Part two of Occupy Week. Read Part one, The People, here.
If your knowledge of the Occupy movement is based on second-hand reports, you probably assume that the movement is a rag-tag group of individuals, all under common grievances, but essentially just a gathering of people. The reality, however, is that the Occupy movements, especially the one in St. Louis, is very organized.
Upon entering the camp on the night of October 28, I was informed of four basic rules to the camp: no alcohol, no illegal drugs, no physical violence, and no hateful speech. The rules were simple, really; the Occupy movement is meant to be a peaceful assembly, which is perfectly within the rights of the First Amendment of the Constitution. As soon as things get out of hand, the police would do whatever it took to remove the Occupiers.
Once the morning of October 29 started, I realized just how organized the movement really is. While there is no system of “government,” per se, there were certainly people in leadership positions, whether they acknowledged they were leaders or not. This, I feel, is one of the major problems of the Occupy movement: there is a desire for there to be no defined leadership, yet, to a fresh set of eyes, there seems to be the beginnings of a defined leader or leaders.
At noon, there was a General Assembly meeting. These were meetings, held every day, where people can make pertinent announcements, and introduce proposals for the betterment of the movement. To streamline the process, there were a few hand signals that were used:
The voting process also had it’s own signals: if you were in favor of a proposal, you held your thumbs up; if you were neutral, thumb sideways; and if you disliked the idea so much that you would leave the occupation, you “blocked” it by holding your arms in an X above your head.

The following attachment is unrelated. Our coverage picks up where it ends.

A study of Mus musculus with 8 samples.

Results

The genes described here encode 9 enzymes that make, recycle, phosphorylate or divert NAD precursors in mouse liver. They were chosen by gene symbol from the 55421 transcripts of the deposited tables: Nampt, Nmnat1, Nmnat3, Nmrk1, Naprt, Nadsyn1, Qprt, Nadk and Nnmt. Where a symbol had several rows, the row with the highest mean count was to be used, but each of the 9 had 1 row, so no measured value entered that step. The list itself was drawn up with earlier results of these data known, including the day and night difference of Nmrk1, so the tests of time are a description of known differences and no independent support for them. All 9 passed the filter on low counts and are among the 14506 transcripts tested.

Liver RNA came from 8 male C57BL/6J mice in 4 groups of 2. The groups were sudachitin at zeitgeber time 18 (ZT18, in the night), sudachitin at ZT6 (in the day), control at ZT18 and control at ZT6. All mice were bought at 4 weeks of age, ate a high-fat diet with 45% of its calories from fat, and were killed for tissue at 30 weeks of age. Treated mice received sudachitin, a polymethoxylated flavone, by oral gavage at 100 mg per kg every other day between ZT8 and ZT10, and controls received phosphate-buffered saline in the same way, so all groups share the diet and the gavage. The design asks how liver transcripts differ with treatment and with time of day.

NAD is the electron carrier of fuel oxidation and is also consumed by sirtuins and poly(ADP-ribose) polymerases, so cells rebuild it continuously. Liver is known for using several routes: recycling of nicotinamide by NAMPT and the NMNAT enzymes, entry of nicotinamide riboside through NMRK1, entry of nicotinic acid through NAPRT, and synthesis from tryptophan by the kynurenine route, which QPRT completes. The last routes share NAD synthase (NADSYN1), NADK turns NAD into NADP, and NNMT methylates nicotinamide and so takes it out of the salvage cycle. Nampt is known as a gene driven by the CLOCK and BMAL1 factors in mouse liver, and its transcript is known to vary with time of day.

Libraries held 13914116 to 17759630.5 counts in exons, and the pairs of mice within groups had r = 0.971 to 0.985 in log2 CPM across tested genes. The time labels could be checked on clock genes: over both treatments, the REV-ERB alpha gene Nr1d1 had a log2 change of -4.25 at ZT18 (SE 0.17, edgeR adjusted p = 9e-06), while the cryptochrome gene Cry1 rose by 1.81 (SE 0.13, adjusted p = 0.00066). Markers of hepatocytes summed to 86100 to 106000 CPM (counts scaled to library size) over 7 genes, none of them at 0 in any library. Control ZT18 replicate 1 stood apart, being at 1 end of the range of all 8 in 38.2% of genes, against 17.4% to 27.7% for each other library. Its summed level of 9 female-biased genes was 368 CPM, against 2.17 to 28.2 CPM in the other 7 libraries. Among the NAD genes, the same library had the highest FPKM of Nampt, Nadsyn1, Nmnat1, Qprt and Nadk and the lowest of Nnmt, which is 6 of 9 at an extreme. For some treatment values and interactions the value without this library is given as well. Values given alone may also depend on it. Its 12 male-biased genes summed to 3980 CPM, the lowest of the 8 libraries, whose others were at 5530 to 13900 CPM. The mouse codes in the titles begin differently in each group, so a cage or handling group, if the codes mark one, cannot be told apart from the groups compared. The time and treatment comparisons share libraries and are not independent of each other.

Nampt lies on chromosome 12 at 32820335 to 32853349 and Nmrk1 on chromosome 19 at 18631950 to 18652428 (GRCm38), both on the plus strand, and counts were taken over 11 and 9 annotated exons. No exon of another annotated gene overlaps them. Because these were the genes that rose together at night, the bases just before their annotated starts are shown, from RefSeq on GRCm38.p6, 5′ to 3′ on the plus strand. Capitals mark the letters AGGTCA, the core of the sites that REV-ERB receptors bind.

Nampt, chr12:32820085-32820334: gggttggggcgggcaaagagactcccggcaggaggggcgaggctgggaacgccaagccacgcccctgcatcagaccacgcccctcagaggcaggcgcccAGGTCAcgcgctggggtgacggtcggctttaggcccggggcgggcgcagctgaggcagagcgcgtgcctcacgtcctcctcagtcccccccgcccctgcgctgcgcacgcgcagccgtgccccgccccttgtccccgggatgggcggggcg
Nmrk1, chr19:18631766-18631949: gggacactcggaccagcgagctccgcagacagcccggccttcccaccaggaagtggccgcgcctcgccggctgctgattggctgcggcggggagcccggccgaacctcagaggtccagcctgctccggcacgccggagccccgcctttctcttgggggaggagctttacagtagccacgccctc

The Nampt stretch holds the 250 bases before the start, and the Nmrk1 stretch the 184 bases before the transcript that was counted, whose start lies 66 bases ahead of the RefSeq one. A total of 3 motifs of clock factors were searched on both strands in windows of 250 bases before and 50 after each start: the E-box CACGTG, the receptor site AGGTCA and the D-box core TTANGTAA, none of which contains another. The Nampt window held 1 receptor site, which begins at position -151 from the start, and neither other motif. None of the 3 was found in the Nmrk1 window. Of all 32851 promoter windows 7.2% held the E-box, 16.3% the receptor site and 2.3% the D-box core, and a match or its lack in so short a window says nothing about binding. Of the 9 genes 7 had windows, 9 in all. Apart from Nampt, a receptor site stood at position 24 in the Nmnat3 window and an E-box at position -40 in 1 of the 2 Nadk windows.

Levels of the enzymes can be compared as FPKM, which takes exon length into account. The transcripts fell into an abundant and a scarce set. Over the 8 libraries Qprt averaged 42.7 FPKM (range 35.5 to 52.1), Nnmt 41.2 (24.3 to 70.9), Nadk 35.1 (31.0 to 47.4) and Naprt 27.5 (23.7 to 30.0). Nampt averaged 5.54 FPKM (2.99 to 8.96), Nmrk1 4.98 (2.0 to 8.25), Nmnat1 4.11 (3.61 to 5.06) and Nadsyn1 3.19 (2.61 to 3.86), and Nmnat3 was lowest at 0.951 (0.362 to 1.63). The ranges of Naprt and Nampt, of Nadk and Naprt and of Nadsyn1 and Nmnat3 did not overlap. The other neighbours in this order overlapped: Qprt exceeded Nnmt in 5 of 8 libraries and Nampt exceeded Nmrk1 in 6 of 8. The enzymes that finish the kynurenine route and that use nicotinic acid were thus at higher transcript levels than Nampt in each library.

Voting on proposals was done by consensus, defined as “100% minus one”, which, in itself, was kind of an elaborate process, seen here in this flowchart:
What I thought was admirable was that the GAs were not limited to the Occupiers. At one point, Kiener Plaza was nearly full with people from the public, some of whom had brought signs, listening in and voting on proposals.
For the most part, the General Assemblies were pretty streamlined and peaceful, with the occasional homeless person not waiting to be on deck to speak, and instead walking right up to the stage and speaking his or her peace. But for the most part, the Occupy movement is extremely organized.
Safety was a huge concern, as Occupiers were camping out in tents on the Plaza, susceptible to any and all disturbances. In my experience, the safety team at St. Louis was very well run, as my only problem in the night was setting up the tent, and finding a comfortable position to sleep in.
The verbal abuse during the day didn’t slow down at night. One lady made a huge deal of her disapproval: “Oh, you think you’re making such a HUGE statement by sleeping in a TENT! I’m just gonna go back to my HOUSE now and sleep in a BED!” Apparently, my partner, Alicia, was woken up by someone who came to our tent late at night, pounding on the side and yelling, “Wake up! Get a job!” I, however, must have slept through that one.
The extent of the organization of the Occupy movement was shown to me on Saturday night. Occupy STL sponsored a “Union Appreciation Celebration” barbecue, complete with food, live music, and speakers, including the great-great-great-grandniece of Samuel Gompers, founder of what is now the AFL-CIO. And while a couple of skirmishes emerged in the crowd, for the most part, it was a joyous and informational celebration. The event was free to the public, and while there were still protesters holding signs on the sidewalk, anyone that stopped and talked was invited to come down into the plaza to celebrate with us. The event began at 5:00 PM, and was still going when Alicia and I had to leave St. Louis around 9:30.
From a group and organizational standpoint, it’s amazing to see the inner-workings of the Occupy movement, though, in my opinion, if there isn’t a clear leader or leaders in the near future, the movement will fall apart. Sure, having clear representation will alienate some Occupiers, but it’s better to disagree with a clear message than to agree with a muddied one. The sentiments of the Occupy movement, I think, can be summed up with a line from one of the speakers, who had had experience working with Martin Luther King, Jr.:
“Hold on for just a little longer, and everything will be all right.”